Various cases considered by the Professional Practice Committee, including emails received in error
Offering for property prior to survey
The Professional Practice Committee considered a case where a solicitor submitted what was on the face of it a clean offer not subject to survey and, after a qualified acceptance had been issued, withdrew the offer intimating that matters had been disclosed in the survey report which had caused the purchaser to reconsider. The Committee are of the view that it would be misleading another solicitor to submit a clean offer in the expectation that a de plano acceptance will not be issued and only instruct a survey when a qualified acceptance is received. It should therefore be made clear either in the offer or in a covering letter that a survey has still to be instructed even if the offer is not to be conditional upon a satisfactory survey.
Spouses instructing non mirror wills
The Committee considered representations in relation to wills prepared by the same solicitor for husband and wife. The husband’s will wholly favoured the wife but the wife’s will favoured the children of her previous marriage at the expense of her husband. It was suggested that there was a conflict of interest and that it was inappropriate for a solicitor to accept such instructions from spouses. The Committee did not agree, and observed that as a will is a private document particular to the testator, a solicitor is free to accept instructions from spouses to prepare wills in which the provisions differ significantly. There is clearly an issue of confidentiality. Without the authority of the respective clients, the solicitor may not disclose the contents of one spouse’s will to the other.
Conflict between a seller and a purchaser’s lender
This was discussed in the June 2002 “In-practice” column. That reported a previous decision of the Professional Practice Committee that although the Conflict of Interest Rules are silent on the specific relationship between seller and purchaser’s lender there was a significant potential for conflict of interest particularly in commercial transactions and it would be inappropriate for the same firm to act for a seller and the lender to the purchaser. The issue has now been the subject of further consideration by the Committee who were persuaded that the previous view was overly strict and that solicitors are entitled to exercise professional judgement having regard to the particular circumstances of each transaction provided that they do not breach Rule 3 of the Conflict Rules – i.e. act for seller and lender where there is an actual conflict of interest between them. Clients should be advised that a conflict may emerge in the course of the matter which would require the agents to withdraw. In the writer’s own view solicitors should be extremely cautious before agreeing to accept instructions from a seller of heritable property and from the lender to the purchaser.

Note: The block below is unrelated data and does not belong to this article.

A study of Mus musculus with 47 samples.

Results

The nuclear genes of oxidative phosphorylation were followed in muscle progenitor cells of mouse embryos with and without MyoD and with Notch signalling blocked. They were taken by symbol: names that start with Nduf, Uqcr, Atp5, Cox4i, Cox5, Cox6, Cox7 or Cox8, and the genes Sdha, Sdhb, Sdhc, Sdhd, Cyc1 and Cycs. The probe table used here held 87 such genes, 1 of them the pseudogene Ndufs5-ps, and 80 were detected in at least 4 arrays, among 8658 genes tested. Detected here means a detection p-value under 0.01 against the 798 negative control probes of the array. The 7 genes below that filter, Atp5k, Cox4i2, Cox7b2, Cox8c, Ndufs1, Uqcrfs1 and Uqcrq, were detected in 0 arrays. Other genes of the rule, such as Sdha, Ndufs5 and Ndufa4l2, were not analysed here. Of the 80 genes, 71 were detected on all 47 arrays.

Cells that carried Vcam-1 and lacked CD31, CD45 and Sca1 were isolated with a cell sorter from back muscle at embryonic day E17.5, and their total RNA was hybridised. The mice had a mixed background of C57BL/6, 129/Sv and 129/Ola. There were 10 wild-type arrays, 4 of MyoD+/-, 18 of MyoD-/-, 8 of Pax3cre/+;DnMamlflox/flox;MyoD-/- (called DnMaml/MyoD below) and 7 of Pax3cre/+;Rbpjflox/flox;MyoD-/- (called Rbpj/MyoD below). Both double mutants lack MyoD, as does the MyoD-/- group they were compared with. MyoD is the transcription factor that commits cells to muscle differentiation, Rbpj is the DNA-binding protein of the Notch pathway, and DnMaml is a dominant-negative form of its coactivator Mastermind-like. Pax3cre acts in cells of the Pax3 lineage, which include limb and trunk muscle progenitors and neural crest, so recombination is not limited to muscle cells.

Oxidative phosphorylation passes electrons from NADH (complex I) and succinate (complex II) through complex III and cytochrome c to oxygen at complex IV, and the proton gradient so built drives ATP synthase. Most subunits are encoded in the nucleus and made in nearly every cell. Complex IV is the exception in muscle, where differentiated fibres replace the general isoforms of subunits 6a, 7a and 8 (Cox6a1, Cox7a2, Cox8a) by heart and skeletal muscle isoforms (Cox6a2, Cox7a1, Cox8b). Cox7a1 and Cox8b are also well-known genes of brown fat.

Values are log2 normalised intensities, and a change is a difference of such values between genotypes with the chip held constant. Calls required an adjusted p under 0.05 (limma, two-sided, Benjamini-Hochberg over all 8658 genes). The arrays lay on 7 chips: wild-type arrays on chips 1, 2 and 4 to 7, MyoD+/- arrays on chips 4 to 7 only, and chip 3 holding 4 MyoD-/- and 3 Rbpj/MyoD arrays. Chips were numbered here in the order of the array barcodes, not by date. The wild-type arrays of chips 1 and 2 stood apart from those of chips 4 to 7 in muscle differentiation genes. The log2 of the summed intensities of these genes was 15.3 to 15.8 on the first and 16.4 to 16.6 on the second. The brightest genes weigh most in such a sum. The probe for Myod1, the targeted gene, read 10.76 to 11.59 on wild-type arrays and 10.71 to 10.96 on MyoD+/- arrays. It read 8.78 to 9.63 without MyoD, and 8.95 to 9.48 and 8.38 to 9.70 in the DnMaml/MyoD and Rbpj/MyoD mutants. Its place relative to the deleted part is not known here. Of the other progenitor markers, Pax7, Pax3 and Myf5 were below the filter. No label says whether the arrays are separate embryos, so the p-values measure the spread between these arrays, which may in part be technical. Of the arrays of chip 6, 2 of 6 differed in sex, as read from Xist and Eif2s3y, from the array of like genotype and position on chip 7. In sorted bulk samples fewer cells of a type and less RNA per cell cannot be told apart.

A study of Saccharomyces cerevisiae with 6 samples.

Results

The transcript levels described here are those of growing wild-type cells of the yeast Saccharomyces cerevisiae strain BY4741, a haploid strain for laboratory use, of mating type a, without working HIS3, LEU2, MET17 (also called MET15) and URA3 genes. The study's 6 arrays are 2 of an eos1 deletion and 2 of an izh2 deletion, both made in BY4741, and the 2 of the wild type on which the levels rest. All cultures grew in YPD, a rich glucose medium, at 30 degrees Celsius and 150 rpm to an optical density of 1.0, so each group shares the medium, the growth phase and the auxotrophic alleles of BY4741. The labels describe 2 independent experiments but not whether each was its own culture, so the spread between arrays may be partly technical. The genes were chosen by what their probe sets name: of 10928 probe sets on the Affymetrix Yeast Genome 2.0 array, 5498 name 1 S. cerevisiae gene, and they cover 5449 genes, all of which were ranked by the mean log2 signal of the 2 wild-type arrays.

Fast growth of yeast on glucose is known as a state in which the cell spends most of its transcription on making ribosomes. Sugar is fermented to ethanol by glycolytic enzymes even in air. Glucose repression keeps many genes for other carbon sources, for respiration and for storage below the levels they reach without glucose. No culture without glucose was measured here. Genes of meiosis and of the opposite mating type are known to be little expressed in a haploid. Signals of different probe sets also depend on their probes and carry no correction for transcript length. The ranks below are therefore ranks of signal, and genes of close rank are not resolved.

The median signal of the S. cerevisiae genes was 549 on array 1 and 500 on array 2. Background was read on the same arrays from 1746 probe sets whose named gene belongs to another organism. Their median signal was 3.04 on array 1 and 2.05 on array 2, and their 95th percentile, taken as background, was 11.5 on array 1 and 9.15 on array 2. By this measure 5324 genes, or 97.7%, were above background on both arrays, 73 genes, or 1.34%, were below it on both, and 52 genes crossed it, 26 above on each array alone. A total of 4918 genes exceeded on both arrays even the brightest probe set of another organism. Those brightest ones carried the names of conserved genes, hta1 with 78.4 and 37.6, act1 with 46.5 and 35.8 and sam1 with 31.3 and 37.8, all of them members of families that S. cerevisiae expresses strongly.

E-mail and/or papers received in error
The Committee considered requests for guidance from a number of solicitors on the related questions of e-mail and documents received which were in fact intended for another party. The Committee had before it a report of an English case – Al-fayed v Metropolitan Police Commissioner – in which it was held “that if privileged documents were mistakenly disclosed for inspection by one party to litigation in circumstances where it would not have been obvious to a reasonable solicitor that a mistake had been made, the disclosing party was not entitled to an injunction ordering the receiving party to return the documents; and the receiving party should be allowed to make proper use of the documents on the basis that they were no longer privileged and no public interest immunity attached to them”. The Committee agreed with the approach of the English Court.
In relation to e-mails, if it is not obvious from the header that the e-mail is not intended for the particular recipient it will only become apparent once the e-mail has been opened and the contents read. The Committee agreed that in those specific circumstances there is no duty to delete the e-mail, return it or to cease acting and the solicitor is entitled to advise his own client of the contents. If the e-mail has not yet been opened before a request is received from the sender to delete it, that request should be complied with. Members are reminded of the need to ensure that e-mails are correctly addressed to avoid such difficulties arising.
In another case papers had been sent out by Faculty Services to the former employers of the instructing solicitor. The note by Counsel was backed up with the client’s name and the name of the individually nominated solicitor and it would have been obvious to the former employers that it was not intended for them. The Committee agreed that in these circumstances the papers should have been forwarded to the correct solicitor without being read or copied.